In our diocese, Fr. John Linden, the Chair of our Department of Formation and our vocation director, along with Dawn Hausmann, the director of consecrated vocations, as well as Deacon Gerry Brennan, the director of the permanent diaconate and chair of a committee on strengthening marriage, have all been working to help create a culture of vocations.
A culture of vocations! What is that? It is an environment in which any one of us yearns to know what God is calling me to be in my life and then our generous response to God’s call. A vocation is not just what God is calling me to do for a career or a job or for a set time in my life. Rather, a vocation refers to the state of life to which God is calling me to give my whole life. The gift of my whole life can be made in marriage, in consecrated life, in the priesthood and the diaconate, in a state of permanent and dedicated single living for the Lord.
The first vocation to all of us was to baptism, that is, to be united to Christ and to become a dwelling place of the Father, the Son, and the Holy Spirit. Yet, truth be told, the vast majority of us had this decision made for us by our parents. The gift of baptism and the indwelling of God in our lives is such a great gift from God that our parents, quite rightly, did not want to deny us the grace and the strength of that gift. Too many of us, however, don’t see living our lives as living out our baptism, as being anointed disciples of Jesus Christ. A greater awareness of our being baptized would go a long way toward establishing a culture of vocations in our homes.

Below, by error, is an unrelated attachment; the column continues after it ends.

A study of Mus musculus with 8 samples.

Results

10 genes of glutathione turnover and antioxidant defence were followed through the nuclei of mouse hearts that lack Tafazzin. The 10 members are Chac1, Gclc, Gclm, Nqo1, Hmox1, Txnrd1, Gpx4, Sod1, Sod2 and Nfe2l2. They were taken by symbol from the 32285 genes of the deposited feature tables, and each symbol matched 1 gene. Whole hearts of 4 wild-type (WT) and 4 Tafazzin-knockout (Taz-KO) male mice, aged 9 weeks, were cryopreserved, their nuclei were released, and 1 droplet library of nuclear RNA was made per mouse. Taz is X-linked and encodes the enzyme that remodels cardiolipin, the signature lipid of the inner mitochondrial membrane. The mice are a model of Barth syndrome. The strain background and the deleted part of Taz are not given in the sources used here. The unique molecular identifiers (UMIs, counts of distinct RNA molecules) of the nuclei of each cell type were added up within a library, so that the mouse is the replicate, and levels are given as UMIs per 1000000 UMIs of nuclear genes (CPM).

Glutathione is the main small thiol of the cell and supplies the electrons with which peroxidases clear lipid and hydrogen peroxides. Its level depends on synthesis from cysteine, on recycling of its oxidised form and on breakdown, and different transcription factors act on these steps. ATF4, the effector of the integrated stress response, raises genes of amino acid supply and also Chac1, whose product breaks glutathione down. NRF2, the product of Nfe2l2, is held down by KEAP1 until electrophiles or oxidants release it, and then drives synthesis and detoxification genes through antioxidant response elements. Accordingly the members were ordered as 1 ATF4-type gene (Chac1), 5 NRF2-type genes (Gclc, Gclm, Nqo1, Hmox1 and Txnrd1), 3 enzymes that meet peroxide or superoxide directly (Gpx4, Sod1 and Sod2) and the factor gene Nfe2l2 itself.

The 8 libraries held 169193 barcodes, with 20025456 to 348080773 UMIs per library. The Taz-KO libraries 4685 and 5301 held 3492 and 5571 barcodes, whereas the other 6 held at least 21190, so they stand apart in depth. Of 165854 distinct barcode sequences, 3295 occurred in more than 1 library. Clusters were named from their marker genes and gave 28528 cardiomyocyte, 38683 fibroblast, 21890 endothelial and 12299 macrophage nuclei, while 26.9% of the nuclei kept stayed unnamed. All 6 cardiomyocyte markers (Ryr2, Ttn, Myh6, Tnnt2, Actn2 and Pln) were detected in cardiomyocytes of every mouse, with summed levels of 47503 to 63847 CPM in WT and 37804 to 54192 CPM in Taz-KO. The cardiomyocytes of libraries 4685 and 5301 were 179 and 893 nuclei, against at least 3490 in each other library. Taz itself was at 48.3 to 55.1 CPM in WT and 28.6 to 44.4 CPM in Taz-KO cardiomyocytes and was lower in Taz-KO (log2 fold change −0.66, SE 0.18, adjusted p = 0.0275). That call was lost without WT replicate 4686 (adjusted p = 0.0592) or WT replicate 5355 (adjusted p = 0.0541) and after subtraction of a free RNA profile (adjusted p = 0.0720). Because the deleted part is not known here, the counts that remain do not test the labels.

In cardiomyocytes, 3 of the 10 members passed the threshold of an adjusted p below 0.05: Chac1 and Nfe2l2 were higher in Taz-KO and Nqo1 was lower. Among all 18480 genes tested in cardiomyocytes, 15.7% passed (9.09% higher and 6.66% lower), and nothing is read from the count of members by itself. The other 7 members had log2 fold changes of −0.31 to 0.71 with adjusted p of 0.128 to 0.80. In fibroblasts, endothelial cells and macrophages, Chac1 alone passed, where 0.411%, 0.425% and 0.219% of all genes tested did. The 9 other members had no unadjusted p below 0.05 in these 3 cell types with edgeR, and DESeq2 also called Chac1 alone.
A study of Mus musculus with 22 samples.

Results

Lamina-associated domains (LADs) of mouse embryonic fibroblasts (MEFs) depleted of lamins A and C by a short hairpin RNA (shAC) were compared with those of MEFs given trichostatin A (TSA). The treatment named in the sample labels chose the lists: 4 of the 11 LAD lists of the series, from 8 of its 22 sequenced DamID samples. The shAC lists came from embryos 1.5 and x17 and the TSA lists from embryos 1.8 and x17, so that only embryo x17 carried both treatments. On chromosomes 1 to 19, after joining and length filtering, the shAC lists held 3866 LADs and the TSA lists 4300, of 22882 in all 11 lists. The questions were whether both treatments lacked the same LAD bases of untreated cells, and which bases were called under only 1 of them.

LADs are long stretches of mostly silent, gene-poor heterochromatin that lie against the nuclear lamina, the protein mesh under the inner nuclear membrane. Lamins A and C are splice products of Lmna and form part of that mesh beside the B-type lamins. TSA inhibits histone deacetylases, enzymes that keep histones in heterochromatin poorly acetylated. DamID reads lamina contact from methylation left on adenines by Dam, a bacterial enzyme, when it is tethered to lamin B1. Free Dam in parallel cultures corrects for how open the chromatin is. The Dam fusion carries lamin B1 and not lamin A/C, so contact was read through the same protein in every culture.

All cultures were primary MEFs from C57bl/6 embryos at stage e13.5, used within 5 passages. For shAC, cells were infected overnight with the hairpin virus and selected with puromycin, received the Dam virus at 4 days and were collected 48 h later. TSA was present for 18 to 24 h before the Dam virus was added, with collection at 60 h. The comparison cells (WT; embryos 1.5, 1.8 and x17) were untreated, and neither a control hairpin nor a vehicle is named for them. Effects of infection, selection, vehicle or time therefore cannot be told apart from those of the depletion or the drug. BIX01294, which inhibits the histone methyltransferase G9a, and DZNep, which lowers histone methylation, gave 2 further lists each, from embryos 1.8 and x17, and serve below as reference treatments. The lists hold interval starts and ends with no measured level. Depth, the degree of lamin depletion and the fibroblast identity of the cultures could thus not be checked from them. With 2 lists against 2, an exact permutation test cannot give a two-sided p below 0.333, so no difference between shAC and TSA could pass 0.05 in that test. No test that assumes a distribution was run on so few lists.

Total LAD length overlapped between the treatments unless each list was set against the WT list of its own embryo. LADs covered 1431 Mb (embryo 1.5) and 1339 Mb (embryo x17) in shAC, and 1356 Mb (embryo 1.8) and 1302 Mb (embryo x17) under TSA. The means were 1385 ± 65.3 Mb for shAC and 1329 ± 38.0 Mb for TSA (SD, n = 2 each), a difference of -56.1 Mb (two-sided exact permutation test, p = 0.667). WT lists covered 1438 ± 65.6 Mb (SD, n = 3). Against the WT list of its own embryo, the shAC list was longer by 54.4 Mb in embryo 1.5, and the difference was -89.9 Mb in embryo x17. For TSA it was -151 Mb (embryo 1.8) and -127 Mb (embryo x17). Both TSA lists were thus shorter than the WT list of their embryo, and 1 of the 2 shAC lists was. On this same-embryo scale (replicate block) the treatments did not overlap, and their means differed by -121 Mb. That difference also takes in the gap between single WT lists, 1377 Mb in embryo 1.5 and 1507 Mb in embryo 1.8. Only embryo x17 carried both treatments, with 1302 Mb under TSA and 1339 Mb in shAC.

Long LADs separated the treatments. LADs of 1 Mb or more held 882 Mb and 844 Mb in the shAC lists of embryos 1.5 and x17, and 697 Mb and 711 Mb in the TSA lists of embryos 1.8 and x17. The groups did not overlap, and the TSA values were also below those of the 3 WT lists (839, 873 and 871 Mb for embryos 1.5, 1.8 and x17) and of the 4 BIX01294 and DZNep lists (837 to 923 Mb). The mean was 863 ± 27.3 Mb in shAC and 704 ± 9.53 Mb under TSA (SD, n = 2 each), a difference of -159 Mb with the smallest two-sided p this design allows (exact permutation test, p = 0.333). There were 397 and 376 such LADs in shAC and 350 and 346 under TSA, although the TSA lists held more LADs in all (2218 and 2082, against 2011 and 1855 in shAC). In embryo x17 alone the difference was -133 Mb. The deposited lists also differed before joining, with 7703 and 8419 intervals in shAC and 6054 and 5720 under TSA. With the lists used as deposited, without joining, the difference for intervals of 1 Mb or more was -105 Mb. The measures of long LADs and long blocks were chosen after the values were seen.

Unfortunately, we, as children, were not taught from our youth to ask God to guide our life choice. Instead we spent a lot of our time figuring out what we would be “doing” during our life—doctor, teacher, lawyer, etc. Did we spend as much time figuring out whether we were being called to marriage? That, of course, is the state of life to which most people are being called by God. Marriage is not something we do, but something we are, much more important than a job or a career. The same would be said for a religious vocation.
Now, obviously, we cannot create or contribute to a culture of vocations unless we are praying. It is only in our relationship with God that we can hope to hear God’s will in our hearts. When we pray with our kids at home, a part of that prayer should always be, “Heavenly Father, thank you for the gift of life you have given me; even more thank you for the give of my baptism. How do you want me to give my life back to you? Help me to be generous in doing this.”
Some might think that this column is trying to address primarily the need for priests, but that would miss the point. With great hope, the fruit of a culture of vocations will be many heavenly blessed marriages. That will be a tremendous good for our society as well as our Church. Vocations to holy orders and the consecrated Life will follow. So, parents, have you asked your kids today, “What does God want you to be?” That is the real question we should be posing.
Bishop Earl Boyea is the fifth bishop of the Catholic Diocese of Lansing.